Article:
Indian Government Looking into Crypto Token Use for Public Sector
India’s government is reportedly looking into use cases for crypto tokens in the public sector, in spite of the current ban on decentralized cryptocurrencies instated by the country’s banks.
The same governmental committee which was appointed to study and create regulations for cryptocurrency-related matters is also exploring what appliances crypto tokens might have in the public sector, according to sources cited by publication DNA India.
It has been reported that the committee is considering using a custom blockchain-based crypto to represent fiat currency in a tokenized way as opposed to directly substituting the currency on its own. Such token will be used as metro card tokens.
A senior official from the country’s finance ministry stated in the report:
“The committee is examining if crypto tokens can be used to replace smart cards such as metro cards in the public sector to start with. Similarly, in the private sector, it can be used in loyalty programs such as air miles where its use is limited to buying the next ticket and can’t be converted into money”.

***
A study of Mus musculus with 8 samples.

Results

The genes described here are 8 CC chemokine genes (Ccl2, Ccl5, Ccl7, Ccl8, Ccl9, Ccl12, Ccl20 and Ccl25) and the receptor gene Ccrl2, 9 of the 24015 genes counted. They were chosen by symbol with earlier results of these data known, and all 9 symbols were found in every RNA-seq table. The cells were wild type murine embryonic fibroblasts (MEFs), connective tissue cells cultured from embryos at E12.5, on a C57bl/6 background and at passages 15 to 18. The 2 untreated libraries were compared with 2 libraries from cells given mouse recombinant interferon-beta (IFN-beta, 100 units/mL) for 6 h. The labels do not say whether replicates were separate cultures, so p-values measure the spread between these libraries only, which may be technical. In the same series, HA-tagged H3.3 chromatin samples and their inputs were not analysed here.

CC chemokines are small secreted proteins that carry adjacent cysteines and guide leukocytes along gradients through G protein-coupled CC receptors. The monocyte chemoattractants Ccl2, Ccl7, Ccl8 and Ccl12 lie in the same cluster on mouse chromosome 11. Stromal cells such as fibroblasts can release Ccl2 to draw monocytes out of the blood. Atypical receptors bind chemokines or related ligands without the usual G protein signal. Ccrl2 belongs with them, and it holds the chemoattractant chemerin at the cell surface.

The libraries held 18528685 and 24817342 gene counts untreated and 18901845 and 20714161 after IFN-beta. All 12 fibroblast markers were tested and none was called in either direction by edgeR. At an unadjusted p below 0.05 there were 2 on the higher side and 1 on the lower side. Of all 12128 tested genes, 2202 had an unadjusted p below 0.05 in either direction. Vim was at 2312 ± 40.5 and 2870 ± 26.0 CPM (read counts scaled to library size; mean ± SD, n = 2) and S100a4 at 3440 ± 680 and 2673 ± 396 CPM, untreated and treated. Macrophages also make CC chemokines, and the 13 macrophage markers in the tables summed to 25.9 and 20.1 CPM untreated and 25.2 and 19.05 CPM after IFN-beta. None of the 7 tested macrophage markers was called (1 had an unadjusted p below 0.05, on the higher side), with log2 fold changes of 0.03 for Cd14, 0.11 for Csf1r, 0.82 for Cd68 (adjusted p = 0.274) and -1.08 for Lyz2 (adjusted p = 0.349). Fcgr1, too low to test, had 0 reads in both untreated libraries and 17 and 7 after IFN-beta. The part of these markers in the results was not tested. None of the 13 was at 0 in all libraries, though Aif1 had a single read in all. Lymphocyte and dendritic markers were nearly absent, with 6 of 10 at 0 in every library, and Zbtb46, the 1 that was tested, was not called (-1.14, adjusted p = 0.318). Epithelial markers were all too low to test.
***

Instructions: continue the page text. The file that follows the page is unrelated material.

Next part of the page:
The Inter-Ministerial Committee (IMC), first created by the Ministry of Finance last year, comprises out of India’s Department of Economic Affairs (DoEA), India’s taxation authority, and several other ministries in conjunction with representatives from the country’s central bank and the State Bank of India, the nation’s largest bank.
The committee has the specific task of looking into the status of cryptocurrencies both nationally and internationally, examine regulatory and legal agendas implemented by other countries in addition to studying measures to reduce money laundering worries before finally issuing national regulations for cryptos.
While the committee is mulling over the proposal with major postponements, India’s central bank issued a ban in April 2018 which prohibited all regulated financial institutions including banks to not offer any of their services to all cryptocurrency companies.
“This is a difficult subject, involving technology which is changing every now and then. That’s why it is taking some time,” DoEA secretary and head of the IMC Subash Chandra Garg told DNA, despite a televised June interview wherein the official stressed the committee was “in a position to wrap this up [crypto regulations] in the first fortnight of July.”